Artists Worth Checking Out: Toco’s Outro Lugar a very refreshing, bubbly album

Image courtesy of melodycenta.com

Image courtesy of melodycenta.com

Born as Tomaz di Cunto in San Paulo in 1976, Toco started playing guitar when he was young.  One of his first projects while studying at Faap University was working on a television show called “Ensaio” (translated to “Test”).  Thanks to director Fernando Faro, Toco was then introduced to famous artists like Caetano Veloso and Gilberto Gil.  In 1999, Toco moved on to bigger ventures by following some musical acts.  Just before the turn of the century, he moved to Italy where he met Adi Souza, who worked as a vocalist under Rosalia de Souza and Vinicius de Moraes.  His first album “Instalac Do Samba” garnered huge airplay in Europe and Japan.

The album that I decided to focus is his second effort, “Outro Lugar”.  Initially it was recorded in Rio de Janeiro with a Brazilian band headed up by Roberto Menescal.  Extra instruments were added in Milan and released under the label Schema Records in 2008, there are plenty of fun sounds that can liven up any party, Super Bowl, Mardi Gras, or any other occasion.

The really eclectic tracks are Tracks 4 with the most perplexing song title ever translated, “Assuntos Banais” (or simply, “Mundane Matters”), Track 5 with Rosalia de Souza lending great vocals on “Bom Motivo”.  There is actually very good reason–speaking of which to listen to Track 9, almost a small take on Les Hommes “The Mood Is Modal” with the steady playing of double bass, drums, trombone, trumpets, flute and sax together by one person, and plenty of percussion.  Definitely the song,  “Guarapiranga” deserves special mention, but sadly this word cannot be translated.

Oh well.  It is still worth a listen, if you can find this CD.  Copies were scarce in 2013, and continue to be in scarce supply in Europe.

A great song to pass with all of the winter snow that impacted most of the Deep South early in the week and will miss New Jersey on Super Sunday is Track 10, “Contradicao” (or simply “Contradiction”) with the graceful vocals of one Coralie Clement (possibly another blog subject for another day).

The “Foolish Samba” closes out the album.  Very heavy cello action on that song, but if you want something slower–Tracks 1 and 11 will suit you just fine with the title track and the same title as Marcela Mangabeira’s initial effort of “Simples.”

While the Midwest continues to suffer with more snow of the weekend…

The next couple of months will be devoted to some special topics that should resonate well on both sides of the Equator.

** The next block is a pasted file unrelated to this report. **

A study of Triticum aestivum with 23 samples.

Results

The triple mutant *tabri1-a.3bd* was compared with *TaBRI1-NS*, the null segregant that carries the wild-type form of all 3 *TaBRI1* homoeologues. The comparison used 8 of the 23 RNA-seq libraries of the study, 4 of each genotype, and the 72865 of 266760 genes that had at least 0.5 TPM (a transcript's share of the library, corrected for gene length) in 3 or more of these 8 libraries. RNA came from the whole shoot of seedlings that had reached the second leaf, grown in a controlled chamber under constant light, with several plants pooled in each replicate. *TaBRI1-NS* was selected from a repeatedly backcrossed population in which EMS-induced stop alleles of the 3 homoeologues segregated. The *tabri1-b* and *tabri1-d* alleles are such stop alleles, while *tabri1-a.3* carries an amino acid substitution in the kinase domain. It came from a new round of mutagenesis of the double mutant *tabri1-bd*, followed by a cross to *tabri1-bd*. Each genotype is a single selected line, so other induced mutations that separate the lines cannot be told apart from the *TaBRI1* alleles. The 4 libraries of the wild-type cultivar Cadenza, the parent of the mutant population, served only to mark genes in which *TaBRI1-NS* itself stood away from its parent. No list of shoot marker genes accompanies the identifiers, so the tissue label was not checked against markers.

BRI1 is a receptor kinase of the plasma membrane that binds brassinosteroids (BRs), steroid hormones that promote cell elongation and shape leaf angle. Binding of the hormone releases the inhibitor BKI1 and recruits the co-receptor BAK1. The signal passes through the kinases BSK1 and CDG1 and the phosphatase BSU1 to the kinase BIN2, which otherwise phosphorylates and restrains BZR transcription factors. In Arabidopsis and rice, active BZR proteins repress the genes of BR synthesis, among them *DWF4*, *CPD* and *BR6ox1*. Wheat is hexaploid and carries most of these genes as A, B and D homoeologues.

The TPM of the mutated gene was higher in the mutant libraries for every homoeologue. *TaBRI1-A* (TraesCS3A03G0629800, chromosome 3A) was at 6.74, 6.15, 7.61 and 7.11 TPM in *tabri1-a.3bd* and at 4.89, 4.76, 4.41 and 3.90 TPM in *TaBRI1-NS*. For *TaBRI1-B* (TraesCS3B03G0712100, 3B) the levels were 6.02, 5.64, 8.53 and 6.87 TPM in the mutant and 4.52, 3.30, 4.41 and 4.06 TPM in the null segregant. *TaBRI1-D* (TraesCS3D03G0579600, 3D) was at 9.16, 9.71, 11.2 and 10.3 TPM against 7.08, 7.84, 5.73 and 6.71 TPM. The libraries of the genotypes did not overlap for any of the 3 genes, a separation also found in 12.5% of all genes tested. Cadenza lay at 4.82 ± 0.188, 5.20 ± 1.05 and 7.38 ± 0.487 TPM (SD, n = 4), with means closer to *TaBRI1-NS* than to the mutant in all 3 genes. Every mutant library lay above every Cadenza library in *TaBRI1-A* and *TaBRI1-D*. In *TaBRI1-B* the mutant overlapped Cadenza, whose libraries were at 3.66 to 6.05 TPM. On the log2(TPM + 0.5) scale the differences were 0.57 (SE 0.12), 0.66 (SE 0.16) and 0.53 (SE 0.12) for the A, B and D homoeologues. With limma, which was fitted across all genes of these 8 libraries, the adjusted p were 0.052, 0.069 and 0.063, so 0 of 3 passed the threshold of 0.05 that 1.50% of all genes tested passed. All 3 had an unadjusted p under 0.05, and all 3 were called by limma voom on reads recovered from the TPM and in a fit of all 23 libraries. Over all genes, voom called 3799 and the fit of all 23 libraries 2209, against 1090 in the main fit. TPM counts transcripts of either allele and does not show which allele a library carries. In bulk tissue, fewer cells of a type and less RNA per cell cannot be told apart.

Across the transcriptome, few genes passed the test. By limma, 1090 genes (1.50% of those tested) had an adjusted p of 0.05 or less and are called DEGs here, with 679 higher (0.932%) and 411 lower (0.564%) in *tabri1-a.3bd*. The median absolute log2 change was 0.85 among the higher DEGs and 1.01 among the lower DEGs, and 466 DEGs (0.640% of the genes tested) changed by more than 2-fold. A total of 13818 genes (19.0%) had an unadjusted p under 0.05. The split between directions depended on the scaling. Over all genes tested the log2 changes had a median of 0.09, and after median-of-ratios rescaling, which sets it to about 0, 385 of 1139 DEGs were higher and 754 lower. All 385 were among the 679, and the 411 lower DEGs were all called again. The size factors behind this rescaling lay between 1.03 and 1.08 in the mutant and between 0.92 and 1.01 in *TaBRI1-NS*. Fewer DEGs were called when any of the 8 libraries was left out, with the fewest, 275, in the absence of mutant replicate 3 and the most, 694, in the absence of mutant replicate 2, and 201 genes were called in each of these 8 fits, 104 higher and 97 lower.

So, here is what you can expect…

In February, I will highlight the five albums (including a two-fer during one of the weekends) for a timeless performer performing in his fifth decade doing multiple roles in Eumir Dedoato, or simply Deodato.  Also, by the time when Mardi Gras begins to penetrate New Orleans, Rio has a more orderly but fierce tradition (in a kind way) of their own called Carnaval.  I am sure there should be a few of our favorite MPB’s that might be chomping at the bit to lend some memories or maybe share with us some YouTube clips that aired on Brazilian national television through the years to make people like me appreciate a little what Carnaval is and what Rio looks forward to every single year.

But of course, we can always look forward past the shortest month of the year into March:

Expect to see the second annual version of the most popular Brazilian artist bracket modifying what the real “March Madness” will be when the brackets are released in Indianapolis on March 16 (and yes, I will be very busy on that other blog in the period starting after March 3 to tell which schools qualified and which might have a razor thin hair’s chance of reaching the field of 68).

In this space, I will look forward with great anticipation to diving into the works of a woman whose had quite a career and I will make every effort possible to get her thoughts on some of her memorable works.  She calls the Steel City, aka Heinz Ketchup Country home in Pittsburgh, but Gal Costa definitely belongs on any Brazilian jazz fan’s short list of not only artists worth checking out, but also as a true Master Composer.

Well, it is time for me to again take shelter from the piling up of yet more snow.  If the recent snow outside my residence is any indication–the only prevailing question is:  Where to put it?